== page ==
Generally students are eager to get to work and hit the workforce. That’s a good thing because, from an employer’s point of view, there is probably nothing worse than a reluctant employee. But this eagerness to work may actually play against you in the long run.
Let me explain…
You want to become a sound professional and quit your job at the grocery store∗ but you’ve got bills to pay, so you accept anything, or almost anything, you want to have something to include on your résumé. You’re probably focusing and cringing at the low wages you have to accept.
What you may not realize is that the task you are asked to accomplish may be more determining for your career than you think and how much you are paid should not be your only concern. So you don’t plan on rolling cables all your life, but at least it’s a job in the industry and not at a call-center anymore∗. You could be pickier, but this job guarantees you some work hours.
You’re straight out of school, happy to have a job in the industry, things are going good, and what you don’t realize is, the routine has set in. The problem arises when your boss associates you with that particular task you are doing and it may be difﬁcult to convince your employer to let you perform other, more specialized tasks afterwards. That means ﬁnding someone else to do what you were already doing well. Your boss becomes reluctant to change a stable team.
Bosses don’t want problems to solve, it gives them more work to do. If the team in place is stable, why change it? This becomes especially true if you don’t show your intention on trying out different tasks. You’re kind of grateful to not be working selling shoes anymore∗ and like a boss of mine told me once “I get CVs like yours every week”, so you know you are replaceable.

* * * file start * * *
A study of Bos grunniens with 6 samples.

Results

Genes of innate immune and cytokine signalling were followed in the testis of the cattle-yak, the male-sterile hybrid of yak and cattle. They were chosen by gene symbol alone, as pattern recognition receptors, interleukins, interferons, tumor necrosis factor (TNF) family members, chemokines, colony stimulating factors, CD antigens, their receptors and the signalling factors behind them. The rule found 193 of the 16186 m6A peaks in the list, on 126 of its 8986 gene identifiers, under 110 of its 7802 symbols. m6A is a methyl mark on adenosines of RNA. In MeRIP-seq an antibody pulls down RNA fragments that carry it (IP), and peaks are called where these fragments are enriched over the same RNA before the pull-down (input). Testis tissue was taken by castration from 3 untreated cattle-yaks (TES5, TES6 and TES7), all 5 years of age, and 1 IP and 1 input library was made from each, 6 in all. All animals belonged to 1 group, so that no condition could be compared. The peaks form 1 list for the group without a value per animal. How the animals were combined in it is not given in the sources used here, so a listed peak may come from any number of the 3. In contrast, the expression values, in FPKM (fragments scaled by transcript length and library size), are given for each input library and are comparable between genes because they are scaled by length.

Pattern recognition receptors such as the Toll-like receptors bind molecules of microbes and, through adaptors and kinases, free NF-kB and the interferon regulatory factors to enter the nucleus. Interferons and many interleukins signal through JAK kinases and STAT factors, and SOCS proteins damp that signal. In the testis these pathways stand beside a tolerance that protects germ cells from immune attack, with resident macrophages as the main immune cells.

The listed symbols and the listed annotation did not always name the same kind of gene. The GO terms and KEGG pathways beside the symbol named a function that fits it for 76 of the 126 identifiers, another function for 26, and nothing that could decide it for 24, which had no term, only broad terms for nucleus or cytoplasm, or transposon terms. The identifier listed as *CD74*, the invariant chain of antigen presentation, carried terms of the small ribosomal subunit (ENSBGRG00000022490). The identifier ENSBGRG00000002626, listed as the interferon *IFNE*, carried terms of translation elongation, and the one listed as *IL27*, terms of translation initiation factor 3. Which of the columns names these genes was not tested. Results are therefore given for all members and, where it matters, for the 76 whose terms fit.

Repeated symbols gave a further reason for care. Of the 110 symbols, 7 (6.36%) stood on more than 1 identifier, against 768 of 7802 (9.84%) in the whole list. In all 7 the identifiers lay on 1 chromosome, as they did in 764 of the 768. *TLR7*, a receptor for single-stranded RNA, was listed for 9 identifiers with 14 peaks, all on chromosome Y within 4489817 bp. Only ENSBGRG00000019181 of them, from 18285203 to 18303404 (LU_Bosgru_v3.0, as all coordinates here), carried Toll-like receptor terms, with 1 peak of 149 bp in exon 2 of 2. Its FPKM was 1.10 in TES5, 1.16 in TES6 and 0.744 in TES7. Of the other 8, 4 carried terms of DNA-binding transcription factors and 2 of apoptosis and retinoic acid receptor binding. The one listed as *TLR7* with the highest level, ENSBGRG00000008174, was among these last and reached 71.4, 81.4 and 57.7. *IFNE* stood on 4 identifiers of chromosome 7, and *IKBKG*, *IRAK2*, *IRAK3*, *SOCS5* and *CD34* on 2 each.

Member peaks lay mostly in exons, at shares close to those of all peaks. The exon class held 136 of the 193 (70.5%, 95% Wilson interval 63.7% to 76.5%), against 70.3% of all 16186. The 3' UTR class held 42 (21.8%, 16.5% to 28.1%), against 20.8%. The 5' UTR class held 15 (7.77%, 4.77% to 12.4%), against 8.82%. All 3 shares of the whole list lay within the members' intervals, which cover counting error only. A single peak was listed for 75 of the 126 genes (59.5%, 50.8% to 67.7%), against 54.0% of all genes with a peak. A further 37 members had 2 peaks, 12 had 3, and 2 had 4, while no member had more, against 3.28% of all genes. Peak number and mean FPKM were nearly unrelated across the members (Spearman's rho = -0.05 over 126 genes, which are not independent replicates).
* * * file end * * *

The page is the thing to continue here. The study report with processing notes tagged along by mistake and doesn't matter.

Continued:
A colleague of mine (who also studied at Musitechnic) told me “The squeaky wheel gets the oil”. If you don’t complain (maybe replace complain by say what you want, express your desire to move forward in your career), your boss will think you are happy and everything is ﬁne. So it is up to you to ﬁnd the middle ground between a modest or whiny employee. The company culture will help you determine how far you can go. See what more experienced colleagues are doing and set yourself within those bounds.
Remember that your complaining to your boss can only be taken seriously if you deliver the goods in the ﬁrst place. If you’re doing things wrong and still learning, stay modest. Once you get a grasp of what could be improved, or what you can do better than someone else, only then can you start lobbying for your cause!
Luck plays a big role in your career because it depends on the openings that are available when you look for a job. Sometimes, with the same employer, I’ve had better opportunities than colleagues hired a year before me. Other times I’ve had less opportunities than those hired a year after me. But attitude goes a long way. I’ve also had good opportunities because my colleague was tired and starting to have attitude problems. A boss always welcomes a new willing, smiling employee.
∗ I have nothing against grocery stores, call centers or selling shoes by the way.